Italian wine relies on a classification system littered with acronyms: DOC (Denominazione di Origine Controllata) and DOCG (Denominazione di Origine Controllata e Garantita) markers indicate wines that meet certain levels of quality and geographical specificity, alongside IGT (Indicazione Geografica Tipica) wines, which indicate geographical specificity, and basic VdT (Vino da Tavola) selections, which can be made from any grapes grown throughout Italy.

Chianti Classico, one of Italy’s most renowned DOCGs for its robust, Sangiovese-based reds that perfectly pair with the region’s sun-drenched tomato dishes, is also one of the oldest wine regions worldwide — officially demarcating its winemaking territory as early as 1716. As of 2022, however, it is also adding some of the newest, distinct sub-denominations to the world wine map, along with a new acronym. Chianti Classico’s new UGA classification stands for Unità Geografiche Aggiuntive, or Additional Geographical Units, and will allow Chianti Classico producers to include this additional, sub-regional information on certain bottles.

A photo of rolling hills in one of Chianti's vineyards.


Variations in soil composition, elevation, exposure, and slope steepness can result in distinctive wines even within a small geographical boundary, and Chianti Classico’s new UGAs are a way for winemakers to express this. “We strongly believe that a denomination like Chianti Classico thrives on the different nuances found within its territory,” says Emilia Marinig, global head of marketing at Chianti Classico’s famed Querciabella, whose vineyards primarily fall within the Greve UGA. “The introduction of the UGAs strengthens the identity and authenticity of the wine and enables producers to really focus on making site-specific wines. It also elevates the value of Chianti Classico as a whole appellation on par with some of the world’s most exclusive terroirs.”

As a point of geographical comparison, France’s Burgundy includes 77 AOCs (Appellations d’Origine Contrôlée) within its 13,000 hectares, compared to Chianti Classico’s 11 UGAs within its 70,000 hectares. Producers in Italy’s DOCG Barolo undertook a measure similar to Chianti Classico’s in 2010, resulting in 181 new MGAs (Menzione Geografica Aggiuntive) in a region scarcely 5 percent of Chianti Classico’s size. Keeping the number of UGAs low was intentional on the part of the Consorzio, however, so that consumers could realistically get to know the different characteristics of each UGA.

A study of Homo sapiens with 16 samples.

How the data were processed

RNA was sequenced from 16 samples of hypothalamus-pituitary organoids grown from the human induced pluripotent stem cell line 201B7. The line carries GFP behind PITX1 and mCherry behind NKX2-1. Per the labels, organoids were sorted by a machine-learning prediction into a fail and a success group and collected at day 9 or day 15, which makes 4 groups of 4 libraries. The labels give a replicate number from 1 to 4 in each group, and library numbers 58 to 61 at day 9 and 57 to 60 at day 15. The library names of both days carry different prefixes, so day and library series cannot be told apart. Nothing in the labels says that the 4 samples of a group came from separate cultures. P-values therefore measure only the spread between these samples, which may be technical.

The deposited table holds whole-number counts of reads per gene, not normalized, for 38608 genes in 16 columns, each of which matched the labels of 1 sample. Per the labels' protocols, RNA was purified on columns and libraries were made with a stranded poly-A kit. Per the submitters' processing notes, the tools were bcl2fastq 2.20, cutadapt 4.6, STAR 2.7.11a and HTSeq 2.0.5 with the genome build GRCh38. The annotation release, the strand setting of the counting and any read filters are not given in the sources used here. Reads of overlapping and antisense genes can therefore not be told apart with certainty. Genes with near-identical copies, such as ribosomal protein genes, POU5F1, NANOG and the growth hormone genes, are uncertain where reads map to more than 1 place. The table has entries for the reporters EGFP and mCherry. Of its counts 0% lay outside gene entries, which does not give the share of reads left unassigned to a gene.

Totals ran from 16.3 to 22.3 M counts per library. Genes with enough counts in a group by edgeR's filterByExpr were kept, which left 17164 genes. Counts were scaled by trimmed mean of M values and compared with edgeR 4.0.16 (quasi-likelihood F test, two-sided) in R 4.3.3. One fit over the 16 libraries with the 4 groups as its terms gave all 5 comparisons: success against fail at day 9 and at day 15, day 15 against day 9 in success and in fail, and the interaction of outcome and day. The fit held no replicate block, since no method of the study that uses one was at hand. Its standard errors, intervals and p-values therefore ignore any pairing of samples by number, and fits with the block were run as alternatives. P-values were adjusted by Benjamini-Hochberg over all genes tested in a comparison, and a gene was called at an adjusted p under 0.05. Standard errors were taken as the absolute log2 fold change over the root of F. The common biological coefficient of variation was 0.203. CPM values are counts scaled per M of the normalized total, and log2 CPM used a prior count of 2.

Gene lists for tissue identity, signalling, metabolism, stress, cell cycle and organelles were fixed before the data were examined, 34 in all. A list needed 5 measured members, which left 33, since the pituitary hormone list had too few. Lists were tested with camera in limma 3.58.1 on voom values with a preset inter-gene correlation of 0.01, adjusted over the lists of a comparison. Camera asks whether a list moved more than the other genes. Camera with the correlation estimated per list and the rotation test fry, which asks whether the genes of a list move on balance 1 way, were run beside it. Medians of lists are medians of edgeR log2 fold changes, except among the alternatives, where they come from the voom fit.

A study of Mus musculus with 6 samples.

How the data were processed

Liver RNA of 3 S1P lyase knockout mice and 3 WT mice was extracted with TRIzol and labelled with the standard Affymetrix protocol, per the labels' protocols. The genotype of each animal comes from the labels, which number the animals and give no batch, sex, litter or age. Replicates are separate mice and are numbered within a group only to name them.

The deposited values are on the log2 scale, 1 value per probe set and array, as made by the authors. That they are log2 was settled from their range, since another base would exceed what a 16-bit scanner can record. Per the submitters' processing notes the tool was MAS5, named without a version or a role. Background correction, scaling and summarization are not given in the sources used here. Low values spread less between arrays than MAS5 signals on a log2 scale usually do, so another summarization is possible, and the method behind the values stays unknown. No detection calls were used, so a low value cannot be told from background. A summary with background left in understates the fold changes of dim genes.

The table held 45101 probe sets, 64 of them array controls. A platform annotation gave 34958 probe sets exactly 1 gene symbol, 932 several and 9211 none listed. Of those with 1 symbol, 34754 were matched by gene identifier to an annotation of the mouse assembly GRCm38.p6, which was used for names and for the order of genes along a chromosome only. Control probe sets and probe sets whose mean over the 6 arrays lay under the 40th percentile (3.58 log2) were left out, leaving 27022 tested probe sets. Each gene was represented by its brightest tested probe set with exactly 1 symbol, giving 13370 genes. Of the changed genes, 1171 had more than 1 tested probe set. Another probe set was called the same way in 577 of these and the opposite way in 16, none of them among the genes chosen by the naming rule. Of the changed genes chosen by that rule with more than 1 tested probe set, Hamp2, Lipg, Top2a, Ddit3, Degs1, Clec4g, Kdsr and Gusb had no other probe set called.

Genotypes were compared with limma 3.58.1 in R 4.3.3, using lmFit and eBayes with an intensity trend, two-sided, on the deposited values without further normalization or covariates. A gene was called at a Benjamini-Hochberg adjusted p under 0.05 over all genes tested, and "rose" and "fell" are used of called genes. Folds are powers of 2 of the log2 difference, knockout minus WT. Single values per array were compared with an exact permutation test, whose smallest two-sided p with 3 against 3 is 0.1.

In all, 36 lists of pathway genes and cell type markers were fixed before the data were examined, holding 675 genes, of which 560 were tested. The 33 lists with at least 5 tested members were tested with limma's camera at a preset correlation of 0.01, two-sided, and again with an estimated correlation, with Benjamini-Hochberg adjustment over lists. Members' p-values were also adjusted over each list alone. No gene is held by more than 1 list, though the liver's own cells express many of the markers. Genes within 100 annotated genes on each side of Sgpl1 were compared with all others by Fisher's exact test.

For now, the UGA classification will only apply to Gran Selezione (GS) wines within Chianti Classico, which helps firmly establish the distinctions between the new geographical units, since these high-caliber wines must be grown and bottled on the estate, aged a minimum of 30 months, and produced from a single vineyard or from a selection of the estate’s best grapes. At a grand tasting event of Chianti Classico wines held in New York City in March, Consorzio president Giovanni Manetti indicated that Riserva and Annata selections — Chianti Classico distinctions with lesser aging and vineyard requirements — may eventually be able to use the UGA identifiers as well.

Chianti Classic bottles with DOCG designation.

In a press release regarding the new UGAs, wine cartographer and scholar Alessandro Masnaghetti explains the significance of this move by the Consorzio Vino Chianti Classico: “The introduction of the UGAs represents an epochal turning point for the denomination. A change of perspective that leads producers and their wines to be no longer single actors, but expressions of a territory in relation to each other.”